Ruins of Jesuit Missions Draw Tourists in Paraguay

TRINIDAD, Paraguay – In southern Paraguay, near the Parana River, the ruins of Jesuit missions founded in the 17th and 18th centuries to convert Guarani Indians to Christianity offer tourists a range of historical and artistic attractions.

The ruins, some of them rediscovered two centuries after they were abandoned and covered by the jungle, are also known as “reducciones,” or areas where Catholic missionaries settled Indians in communal, self-sufficient economic units.

For more than 150 years, the Jesuit missions were the only alternative for Indians to being rounded up into “encomiendas,” the system the Spanish conquerors established to force them to work as slaves on haciendas.

Each mission was managed by two or three Jesuits, who oversaw about 3,000 to 4,000 Guaranis, and the conventional arrangement included a large central square with a school, church, orchard and cemetery laid out around the Indians’ dwellings.

The Jesuits organized indigenous people into reducciones in other countries, such as Brazil, Bolivia, Argentina and Uruguay, but Paraguay is home to the ruins of two of the largest missions: San Ignacio Guasu, founded in 1609 and the earliest mission, and Santisima Trinidad del Parana, the largest and best preserved site.

At the San Ignacio mission, in the Paraguayan province of Misiones, the only buildings standing were part of the old Jesuit school and now host a museum where sculptures recovered from the old church are exhibited.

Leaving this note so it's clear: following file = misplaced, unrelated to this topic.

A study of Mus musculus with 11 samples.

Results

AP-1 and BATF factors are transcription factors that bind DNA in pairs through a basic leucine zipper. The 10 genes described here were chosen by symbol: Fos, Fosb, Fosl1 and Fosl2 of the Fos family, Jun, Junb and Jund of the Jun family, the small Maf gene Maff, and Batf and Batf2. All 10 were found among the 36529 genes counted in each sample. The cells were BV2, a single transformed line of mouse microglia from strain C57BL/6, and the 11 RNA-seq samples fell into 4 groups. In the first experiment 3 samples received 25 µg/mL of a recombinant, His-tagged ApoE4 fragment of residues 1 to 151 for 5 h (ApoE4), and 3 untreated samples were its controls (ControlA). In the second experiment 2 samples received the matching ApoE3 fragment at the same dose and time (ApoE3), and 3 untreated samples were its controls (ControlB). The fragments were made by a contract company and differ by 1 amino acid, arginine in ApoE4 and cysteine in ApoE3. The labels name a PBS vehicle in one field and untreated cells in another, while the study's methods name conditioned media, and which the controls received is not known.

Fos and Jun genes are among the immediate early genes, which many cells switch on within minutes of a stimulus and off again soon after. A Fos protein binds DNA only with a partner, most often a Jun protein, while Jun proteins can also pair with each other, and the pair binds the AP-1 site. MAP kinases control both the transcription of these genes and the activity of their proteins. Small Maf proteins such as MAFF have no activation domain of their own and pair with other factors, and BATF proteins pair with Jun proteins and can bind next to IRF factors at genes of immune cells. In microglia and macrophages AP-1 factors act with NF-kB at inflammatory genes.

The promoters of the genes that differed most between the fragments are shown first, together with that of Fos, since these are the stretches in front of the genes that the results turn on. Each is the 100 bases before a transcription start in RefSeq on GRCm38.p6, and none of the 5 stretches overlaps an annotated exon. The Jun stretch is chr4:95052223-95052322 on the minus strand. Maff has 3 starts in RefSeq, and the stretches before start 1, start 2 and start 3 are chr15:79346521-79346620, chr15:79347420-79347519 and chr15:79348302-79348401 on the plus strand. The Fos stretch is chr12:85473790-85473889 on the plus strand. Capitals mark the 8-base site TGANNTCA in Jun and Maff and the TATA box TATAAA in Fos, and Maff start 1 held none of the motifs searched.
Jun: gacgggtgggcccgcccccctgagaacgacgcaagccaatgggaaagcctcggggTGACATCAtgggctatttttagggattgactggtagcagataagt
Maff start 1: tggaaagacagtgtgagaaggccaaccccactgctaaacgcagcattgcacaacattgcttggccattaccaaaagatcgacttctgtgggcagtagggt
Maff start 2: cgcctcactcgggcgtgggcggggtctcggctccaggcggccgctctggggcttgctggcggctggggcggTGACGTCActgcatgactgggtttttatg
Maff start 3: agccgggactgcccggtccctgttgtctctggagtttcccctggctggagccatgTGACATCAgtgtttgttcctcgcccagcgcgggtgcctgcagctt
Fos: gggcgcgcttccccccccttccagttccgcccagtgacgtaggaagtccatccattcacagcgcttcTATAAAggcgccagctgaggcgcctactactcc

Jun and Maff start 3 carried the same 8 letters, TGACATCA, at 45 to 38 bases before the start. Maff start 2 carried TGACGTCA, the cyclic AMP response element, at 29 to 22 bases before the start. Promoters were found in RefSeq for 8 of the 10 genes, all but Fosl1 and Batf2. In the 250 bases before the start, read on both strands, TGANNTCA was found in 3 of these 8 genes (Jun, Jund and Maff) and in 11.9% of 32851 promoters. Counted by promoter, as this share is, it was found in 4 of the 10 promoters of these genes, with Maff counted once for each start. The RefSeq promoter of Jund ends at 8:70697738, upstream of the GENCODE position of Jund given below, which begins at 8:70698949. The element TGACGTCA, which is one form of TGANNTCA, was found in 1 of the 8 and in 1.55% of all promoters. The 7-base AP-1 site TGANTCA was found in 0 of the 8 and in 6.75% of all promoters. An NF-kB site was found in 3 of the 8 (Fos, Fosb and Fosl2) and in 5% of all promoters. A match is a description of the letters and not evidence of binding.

The statues are images of saints, virgins and martyrs carved in polychrome wood, with features resembling Guarani men and women, short and with slanted eyes.

This artistic synthesis is known as the Baroque-Guarani style, combining 18th-century European trends inspired by Jesuits like Italian Jose Brasanelli (1659-1728) with South American indigenous influences.

After the Jesuits were expelled from Spanish territories in 1767 by King Charles III, many of the images were destroyed because, being hollow, it was suspected that the priests had hidden treasure inside, Antonio Ramirez, a tour guide at the San Cosme y Damian mission, told EFE.

The San Cosme y Damian mission is in Itapua, a province located about 400 kilometers (250 miles) south of Asuncion.

The Jesuits named the mission for twin brothers and saints believed to have healing powers so they would protect the Indians from diseases, many of them illnesses introduced by Europeans and for which the natives lacked immunity.